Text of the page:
Development of therapeutic monoclonal antibodies for coronaviruses
A fully funded PhD studentship project in partnership with the Pirbright Institute.
Start date1 October 2022
Funding includes stipend, home registration fees and a research grant. Note that due to the way this project is funded, an international student appointed to this project would be required to pay 50% of the difference between the normal registration fee for home and international students. This amounts to approximately £9500 for the academic year 2022-23, with annual incremental increases for subsequent years.
Respiratory viruses are amongst the greatest threat to global health, with coronaviruses (CoVs) causing three major human epidemics since 2003, including the ongoing SARS-CoV-2 pandemic. While vaccines remain the best strategy to prevent COVID-19, neutralising monoclonal antibodies (mAbs) maybe useful for treating vulnerable populations before or after exposure to SARS-CoV-2. To date, most research efforts for therapeutic use of mAbs have focussed on Spike (S) specific neutralising antibodies and there are a handful of products already authorised for human use.
Most therapeutic mAbs have been tested pre-clinically in small animal models, but this is not always predictive of outcome in humans. There is, therefore, a need for a large animal model in which mAbs selected on the basis of in vitro assays can be further studied to help in selecting promising mAbs targets and determining how best to administer them in clinical trials. Pigs may provide such a model, we have already shown this specie to be very useful for testing influenza mAbs (1, 2). They are large animals physiologically, anatomically, and immunologically more similar to humans than small animals (3, 4). Pigs are natural hosts for several CoVs with porcine respiratory CoV (PRCV) exhibiting common features with SARS-CoV-2. Other porcine or related CoVs are a zoonotic threat, with a novel Alphacoronavirus and porcine Deltacoronavirus being detected in humans. We have established an in vivo porcine PRCV model in which lung pathology resembles the human (5).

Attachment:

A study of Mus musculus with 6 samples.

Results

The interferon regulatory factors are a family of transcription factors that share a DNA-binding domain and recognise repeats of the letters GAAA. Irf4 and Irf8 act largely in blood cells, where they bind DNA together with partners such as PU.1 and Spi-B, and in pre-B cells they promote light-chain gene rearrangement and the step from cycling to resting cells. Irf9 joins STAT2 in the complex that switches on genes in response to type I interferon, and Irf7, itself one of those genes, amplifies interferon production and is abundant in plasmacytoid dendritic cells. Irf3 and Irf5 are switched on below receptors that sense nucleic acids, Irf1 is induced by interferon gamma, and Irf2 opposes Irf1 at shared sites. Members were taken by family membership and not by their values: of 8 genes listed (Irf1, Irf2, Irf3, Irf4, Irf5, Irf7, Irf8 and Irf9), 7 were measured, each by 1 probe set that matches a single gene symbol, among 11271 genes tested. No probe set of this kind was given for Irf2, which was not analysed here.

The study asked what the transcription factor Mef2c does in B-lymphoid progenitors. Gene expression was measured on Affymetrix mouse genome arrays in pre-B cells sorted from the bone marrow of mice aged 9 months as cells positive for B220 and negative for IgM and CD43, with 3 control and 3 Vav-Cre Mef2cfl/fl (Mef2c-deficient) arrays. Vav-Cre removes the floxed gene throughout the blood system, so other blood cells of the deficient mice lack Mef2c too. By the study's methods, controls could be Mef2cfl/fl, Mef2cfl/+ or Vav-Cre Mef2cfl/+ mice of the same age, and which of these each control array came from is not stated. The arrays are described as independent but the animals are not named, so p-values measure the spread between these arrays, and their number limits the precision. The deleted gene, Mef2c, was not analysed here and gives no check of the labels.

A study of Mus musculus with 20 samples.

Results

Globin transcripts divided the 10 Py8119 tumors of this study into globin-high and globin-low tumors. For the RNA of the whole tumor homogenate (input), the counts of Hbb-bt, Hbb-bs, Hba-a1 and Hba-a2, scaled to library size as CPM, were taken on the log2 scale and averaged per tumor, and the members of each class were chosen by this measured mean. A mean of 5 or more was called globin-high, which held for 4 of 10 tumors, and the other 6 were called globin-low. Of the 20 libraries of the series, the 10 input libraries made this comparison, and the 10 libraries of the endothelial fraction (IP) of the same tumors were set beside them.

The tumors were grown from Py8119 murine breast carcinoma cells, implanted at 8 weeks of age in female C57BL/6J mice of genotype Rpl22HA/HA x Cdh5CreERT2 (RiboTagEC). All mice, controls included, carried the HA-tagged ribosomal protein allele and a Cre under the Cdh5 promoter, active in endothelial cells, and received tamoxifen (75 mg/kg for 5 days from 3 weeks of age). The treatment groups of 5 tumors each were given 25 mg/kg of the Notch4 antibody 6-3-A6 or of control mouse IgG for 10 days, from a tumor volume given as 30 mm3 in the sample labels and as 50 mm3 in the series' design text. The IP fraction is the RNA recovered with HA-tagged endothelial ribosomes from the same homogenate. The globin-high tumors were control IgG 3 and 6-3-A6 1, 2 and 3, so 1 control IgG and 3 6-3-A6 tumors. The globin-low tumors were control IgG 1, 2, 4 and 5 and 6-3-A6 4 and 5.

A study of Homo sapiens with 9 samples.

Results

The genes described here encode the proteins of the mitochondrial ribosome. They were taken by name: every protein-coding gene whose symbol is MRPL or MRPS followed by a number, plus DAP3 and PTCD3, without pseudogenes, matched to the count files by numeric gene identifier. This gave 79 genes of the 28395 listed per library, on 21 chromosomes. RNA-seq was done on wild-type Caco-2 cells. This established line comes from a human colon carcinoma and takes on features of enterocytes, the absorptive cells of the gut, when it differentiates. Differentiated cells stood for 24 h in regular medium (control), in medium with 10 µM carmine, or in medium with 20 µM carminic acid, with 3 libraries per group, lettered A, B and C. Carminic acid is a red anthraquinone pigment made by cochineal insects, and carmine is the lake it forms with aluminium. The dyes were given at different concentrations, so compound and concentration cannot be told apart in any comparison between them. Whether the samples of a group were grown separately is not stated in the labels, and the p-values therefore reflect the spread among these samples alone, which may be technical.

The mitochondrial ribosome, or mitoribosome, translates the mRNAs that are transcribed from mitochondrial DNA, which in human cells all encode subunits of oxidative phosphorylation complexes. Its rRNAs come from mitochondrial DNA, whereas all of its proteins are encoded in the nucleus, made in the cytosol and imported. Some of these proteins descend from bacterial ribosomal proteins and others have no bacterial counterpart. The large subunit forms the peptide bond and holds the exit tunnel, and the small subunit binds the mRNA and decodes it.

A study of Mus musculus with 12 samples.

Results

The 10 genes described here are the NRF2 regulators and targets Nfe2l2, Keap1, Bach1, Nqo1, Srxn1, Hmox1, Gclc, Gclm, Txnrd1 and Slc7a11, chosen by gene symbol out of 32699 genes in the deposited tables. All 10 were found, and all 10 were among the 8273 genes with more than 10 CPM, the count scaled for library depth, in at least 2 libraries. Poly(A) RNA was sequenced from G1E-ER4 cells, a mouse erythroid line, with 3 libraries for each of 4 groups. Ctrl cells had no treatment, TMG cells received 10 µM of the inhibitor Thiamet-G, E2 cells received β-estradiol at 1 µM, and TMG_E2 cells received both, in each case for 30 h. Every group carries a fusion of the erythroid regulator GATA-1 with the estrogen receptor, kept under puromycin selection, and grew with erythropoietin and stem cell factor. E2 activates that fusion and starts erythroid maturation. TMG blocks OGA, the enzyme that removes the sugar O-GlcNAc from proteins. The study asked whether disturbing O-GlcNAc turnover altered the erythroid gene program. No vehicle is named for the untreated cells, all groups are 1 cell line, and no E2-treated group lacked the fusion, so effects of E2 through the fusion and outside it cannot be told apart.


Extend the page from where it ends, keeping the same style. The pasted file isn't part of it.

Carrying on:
In this project, the successful candidate will isolate PRCV specific mAbs, characterise their specificity, functional activity in vitro and test their therapeutic utility in vivo. This will give further insights into CoV infections and how to generate and administer novel efficacious therapies against CoVs in humans.
Open to any UK or international candidates.
A first or upper second-class honours degree from the UK (or equivalent qualification from international Institutions) or masters degree in a relevant subject area.
English language requirements:
IELTS Academic: 6.5 or above with 6 in each individual category (or equivalent qualification from other agencies).
How to apply
Applications should be submitted via the online application portal for Biosciences and Medicine PhDs. In addition to your formal application, please also email Dr Elma Tchilian (firstname.lastname@example.org) or Professor Christine Rollier (email@example.com) with your application.
Read our studentship FAQs to find out more about applying and funding.